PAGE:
In the 18th century, it was one of the seven largest cities in Europe. Set on a verdant plain of poplar trees near the junction of the Tunca and Meriç rivers, this gracefully historical city welcomes visitors as they make their way to İstanbul and other points east. The people of Edirne trace their origins back to the rule of the Macedonians. The Roman Emperor Hadrian rebuilt the city and renamed it Hadrianople after himself. With the division of the Roman Empire, the Byzantines claimed Edirne. In 1361 Sultan Murat I added it to his empire. The city’s role as the capital of the Ottoman Empire for almost 100 years accounts for its many historically and architecturally important buildings. With its mosques, religious complexes, bridges, old bazaars, caravanserais and palaces, Edirne is a living museum.
Edirne has retained many of its colourful traditions and customs. Every summer the Kırkpınar oil wrestling contests are held at an emerald green meadow in Sarayiçi. Shiny, slippery bodies grapple with each other to decide on the champion wrestler. As you walk through the city and peer into the corners of the grocery stores, you see blocks of white feta cheese, a local specialty. Hardaliye, another of the city’s delicacies, is a grape drink mixed with mustard and marzipan. Scented soaps, earthenware pots and straw baskets from Edirne make good souvenirs. You will also find it difficult to resist the beautiful embroidery work of the local women.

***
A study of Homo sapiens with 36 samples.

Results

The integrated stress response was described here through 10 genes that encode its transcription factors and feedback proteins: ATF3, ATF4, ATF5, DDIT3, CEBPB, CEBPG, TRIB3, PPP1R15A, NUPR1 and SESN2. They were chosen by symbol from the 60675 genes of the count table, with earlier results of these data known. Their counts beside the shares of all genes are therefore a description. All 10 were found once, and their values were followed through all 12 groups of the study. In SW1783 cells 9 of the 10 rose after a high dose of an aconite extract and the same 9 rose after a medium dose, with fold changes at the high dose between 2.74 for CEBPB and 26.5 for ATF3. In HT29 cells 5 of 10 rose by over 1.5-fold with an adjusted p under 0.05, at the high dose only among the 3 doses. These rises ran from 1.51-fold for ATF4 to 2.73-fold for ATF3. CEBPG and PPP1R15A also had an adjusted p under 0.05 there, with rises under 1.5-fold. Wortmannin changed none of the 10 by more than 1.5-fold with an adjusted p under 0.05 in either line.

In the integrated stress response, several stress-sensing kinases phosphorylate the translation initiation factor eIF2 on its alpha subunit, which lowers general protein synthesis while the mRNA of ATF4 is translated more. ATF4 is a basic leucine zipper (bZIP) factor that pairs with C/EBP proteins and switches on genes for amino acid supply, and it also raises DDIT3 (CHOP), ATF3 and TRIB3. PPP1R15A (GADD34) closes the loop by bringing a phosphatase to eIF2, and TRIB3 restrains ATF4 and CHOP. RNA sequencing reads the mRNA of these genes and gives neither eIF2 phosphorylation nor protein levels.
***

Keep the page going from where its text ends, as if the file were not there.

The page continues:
The Archaeology and Ethnography Museum traces the history of the area from prehistoric to Byzantine times and exhibits clothing from the late Ottoman period. At the Turkish Islamic Art
The Selimiye Mosque and its Külliye form a complex including a madrasah or Islamic religious academy, dar-ül hadis (hadith school), timekeeper’s room and an arasta (avenue of shops). Constructed by the celebrated architect Sinan between 1569 and 1575, the Selimiye Mosque and its complex are located in Edirne, the capital of Ottoman Empire before İstanbul. A masterpiece of Ottoman art and in the history of world architecture, the Selimiye Mosque is visible from all parts of the city with its monumental dome and four slender minarets. Besides its unique architectural characteristics, the mosque evokes admiration with its exquisite details in its carved-stone work and marble, glazed tiles, wood carving and mother-of-pearl inlays.